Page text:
Belfast Telegraph

Friday 26 December 2014

Four of five main parties issue joint call for temporary P7 test

The four political parties involved in weekly talks at Stormont to try and resolve the school transfer crisis have called on Caitriona Ruane to put a temporary P7 test in place.

The DUP, SDLP, UUP and Alliance issued a joint statement following their meeting yesterday which also stressed their commitment to building consensus and agreement to overcome the deadlock.

They confirmed an advisory group of educationalists will be tasked with providing them with options that “appeal to the widest possible constituency and take into account the political and legal context of the current impasse”.

The talks began after the Belfast Telegraph launched the Sit Down, Sort It Out campaign — which calls on the Executive to hold focused talks and agree a way forward. Sinn Fein has refused to attend the meetings so far.

The statement says that the participants are encouraged by the progress made and the prospects for future consensus. And it concludes: “It is our intention that the educator group work in parallel with our ongoing discussions.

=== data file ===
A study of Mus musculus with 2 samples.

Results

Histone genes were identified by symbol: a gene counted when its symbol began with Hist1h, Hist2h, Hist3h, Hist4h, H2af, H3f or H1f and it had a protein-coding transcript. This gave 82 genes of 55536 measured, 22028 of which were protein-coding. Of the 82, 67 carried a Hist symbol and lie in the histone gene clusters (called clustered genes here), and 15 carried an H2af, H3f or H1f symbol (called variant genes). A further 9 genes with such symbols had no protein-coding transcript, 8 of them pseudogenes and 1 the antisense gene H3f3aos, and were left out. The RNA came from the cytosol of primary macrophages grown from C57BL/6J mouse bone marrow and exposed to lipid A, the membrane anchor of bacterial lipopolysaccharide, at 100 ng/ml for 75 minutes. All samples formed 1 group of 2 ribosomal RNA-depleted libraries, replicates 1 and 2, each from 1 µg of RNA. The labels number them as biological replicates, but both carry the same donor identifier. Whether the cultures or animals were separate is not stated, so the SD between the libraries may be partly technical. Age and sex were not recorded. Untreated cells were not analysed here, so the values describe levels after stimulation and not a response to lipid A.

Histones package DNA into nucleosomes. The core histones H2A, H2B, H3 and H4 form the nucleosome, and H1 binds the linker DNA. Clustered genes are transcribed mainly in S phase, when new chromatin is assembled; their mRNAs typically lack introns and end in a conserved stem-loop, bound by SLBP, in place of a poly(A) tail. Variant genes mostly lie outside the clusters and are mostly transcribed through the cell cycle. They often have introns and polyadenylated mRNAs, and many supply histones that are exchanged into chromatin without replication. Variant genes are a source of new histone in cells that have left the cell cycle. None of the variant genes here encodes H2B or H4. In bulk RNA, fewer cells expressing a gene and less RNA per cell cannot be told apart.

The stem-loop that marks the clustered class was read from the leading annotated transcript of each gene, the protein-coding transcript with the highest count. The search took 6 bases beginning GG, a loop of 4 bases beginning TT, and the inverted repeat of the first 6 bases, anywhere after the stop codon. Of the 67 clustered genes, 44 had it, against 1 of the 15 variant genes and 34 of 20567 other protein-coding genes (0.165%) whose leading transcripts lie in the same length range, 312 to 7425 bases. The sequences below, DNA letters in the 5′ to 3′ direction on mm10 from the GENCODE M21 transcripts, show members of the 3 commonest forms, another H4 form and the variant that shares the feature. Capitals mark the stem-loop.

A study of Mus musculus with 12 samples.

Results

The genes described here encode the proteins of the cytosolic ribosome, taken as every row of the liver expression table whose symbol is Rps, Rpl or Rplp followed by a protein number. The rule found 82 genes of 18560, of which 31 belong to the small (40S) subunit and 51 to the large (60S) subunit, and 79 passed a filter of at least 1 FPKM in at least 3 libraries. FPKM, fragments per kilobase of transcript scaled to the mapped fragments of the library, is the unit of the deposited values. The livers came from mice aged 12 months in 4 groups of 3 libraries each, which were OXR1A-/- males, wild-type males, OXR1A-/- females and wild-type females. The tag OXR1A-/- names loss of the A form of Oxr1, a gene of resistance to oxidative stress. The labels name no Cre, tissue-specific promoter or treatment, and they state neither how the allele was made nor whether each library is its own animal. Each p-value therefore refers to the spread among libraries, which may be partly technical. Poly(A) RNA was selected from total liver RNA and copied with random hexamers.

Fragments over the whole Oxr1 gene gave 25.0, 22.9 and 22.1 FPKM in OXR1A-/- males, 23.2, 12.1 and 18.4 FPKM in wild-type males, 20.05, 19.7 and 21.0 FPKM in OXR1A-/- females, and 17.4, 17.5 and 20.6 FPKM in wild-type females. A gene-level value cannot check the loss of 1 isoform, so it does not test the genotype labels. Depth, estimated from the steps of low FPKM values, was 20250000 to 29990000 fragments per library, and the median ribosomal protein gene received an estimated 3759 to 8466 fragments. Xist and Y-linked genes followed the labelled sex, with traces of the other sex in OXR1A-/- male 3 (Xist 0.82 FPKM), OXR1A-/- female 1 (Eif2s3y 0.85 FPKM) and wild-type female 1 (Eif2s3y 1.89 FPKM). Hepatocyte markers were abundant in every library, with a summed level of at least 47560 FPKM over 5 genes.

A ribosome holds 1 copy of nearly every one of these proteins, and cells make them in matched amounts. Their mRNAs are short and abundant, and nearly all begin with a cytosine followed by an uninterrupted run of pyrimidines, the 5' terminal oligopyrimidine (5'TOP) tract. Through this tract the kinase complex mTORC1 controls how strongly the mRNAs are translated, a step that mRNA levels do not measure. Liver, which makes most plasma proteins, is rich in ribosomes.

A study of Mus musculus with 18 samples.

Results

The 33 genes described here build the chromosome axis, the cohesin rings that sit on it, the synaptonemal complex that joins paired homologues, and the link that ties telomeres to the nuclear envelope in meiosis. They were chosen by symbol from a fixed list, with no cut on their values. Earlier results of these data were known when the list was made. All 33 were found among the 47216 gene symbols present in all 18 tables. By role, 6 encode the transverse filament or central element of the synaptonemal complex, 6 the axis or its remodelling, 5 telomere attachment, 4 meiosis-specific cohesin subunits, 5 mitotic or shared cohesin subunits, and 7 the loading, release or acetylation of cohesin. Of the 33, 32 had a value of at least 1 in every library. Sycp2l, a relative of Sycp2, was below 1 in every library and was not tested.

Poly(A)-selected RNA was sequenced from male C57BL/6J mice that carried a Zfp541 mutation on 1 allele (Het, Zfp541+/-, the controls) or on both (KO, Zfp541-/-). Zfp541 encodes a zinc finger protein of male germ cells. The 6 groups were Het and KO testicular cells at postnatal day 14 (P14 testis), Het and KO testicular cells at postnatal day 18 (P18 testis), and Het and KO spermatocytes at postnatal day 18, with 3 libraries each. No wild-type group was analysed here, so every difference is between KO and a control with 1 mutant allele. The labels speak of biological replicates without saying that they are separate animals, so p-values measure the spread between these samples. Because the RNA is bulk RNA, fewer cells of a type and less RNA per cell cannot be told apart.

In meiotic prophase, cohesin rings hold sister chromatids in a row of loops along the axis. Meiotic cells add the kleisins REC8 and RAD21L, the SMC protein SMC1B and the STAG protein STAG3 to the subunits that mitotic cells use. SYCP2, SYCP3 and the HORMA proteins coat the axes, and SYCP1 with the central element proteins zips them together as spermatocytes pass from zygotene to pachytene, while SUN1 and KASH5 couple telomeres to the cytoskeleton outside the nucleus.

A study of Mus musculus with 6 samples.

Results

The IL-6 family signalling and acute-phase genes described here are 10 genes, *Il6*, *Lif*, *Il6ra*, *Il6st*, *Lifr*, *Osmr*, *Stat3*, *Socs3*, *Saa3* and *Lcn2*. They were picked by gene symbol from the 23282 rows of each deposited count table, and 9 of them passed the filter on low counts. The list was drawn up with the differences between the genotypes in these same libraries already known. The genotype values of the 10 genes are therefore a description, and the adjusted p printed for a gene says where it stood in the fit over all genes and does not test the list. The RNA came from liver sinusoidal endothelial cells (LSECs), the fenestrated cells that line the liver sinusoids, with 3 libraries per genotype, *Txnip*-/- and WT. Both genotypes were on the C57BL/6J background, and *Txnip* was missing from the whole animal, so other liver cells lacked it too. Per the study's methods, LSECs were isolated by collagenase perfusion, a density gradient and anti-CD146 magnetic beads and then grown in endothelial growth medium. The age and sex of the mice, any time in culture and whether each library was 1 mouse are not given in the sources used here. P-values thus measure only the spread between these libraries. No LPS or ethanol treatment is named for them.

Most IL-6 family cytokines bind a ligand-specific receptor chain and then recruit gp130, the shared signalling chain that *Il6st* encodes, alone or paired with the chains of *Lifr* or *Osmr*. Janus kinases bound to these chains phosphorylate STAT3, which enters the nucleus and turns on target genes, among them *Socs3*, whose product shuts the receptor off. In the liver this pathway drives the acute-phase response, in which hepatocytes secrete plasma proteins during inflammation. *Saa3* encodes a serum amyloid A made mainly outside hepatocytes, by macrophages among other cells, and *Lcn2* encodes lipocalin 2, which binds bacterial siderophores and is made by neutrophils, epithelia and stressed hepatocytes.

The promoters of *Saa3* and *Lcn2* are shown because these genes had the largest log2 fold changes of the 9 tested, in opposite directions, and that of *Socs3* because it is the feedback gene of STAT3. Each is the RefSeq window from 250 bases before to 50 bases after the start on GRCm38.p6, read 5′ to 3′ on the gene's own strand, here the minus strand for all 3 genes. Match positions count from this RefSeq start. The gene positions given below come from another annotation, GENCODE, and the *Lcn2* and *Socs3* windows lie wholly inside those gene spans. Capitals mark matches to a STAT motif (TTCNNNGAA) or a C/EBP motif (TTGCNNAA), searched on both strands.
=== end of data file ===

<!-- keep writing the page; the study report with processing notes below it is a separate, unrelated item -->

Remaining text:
“While their proposals will not bind any party we hope their guidance will provide us with viable options for consideration in our pursuit of a solution to the unacceptable transfer stalemate.”

However, Sinn Fein dismissed the statement, saying no firm proposals have been offered by those involved.

And the Department of Education said that Education Minister Caitriona Ruane “has no comment to make on this”.

Her party's education spokesman John O'Dowd said: “Sinn Féin stated clearly at the start of these discussions that the agenda was to re-establish state sponsored 11-plus examinations.

“This is the only definitive proposal that this group has managed to agree on and bring forward. The rest is a list of contradictions and fudges.

“There is no ‘necessity’ for the reintroduction of a test which the SDLP have described as being socially unjust and educationally unsound.

“Transfer 2010 is in place and it is being successfully implemented by the vast majority of post-primary schools.”

The lack of political agreement on the way forward means that no consensus has been reached on a replacement for the 11-plus exam.

Thousands of P7 pupils recently sat new unregulated transfer tests after 68 grammar schools ignored guidance from the minister and set their own entrance tests.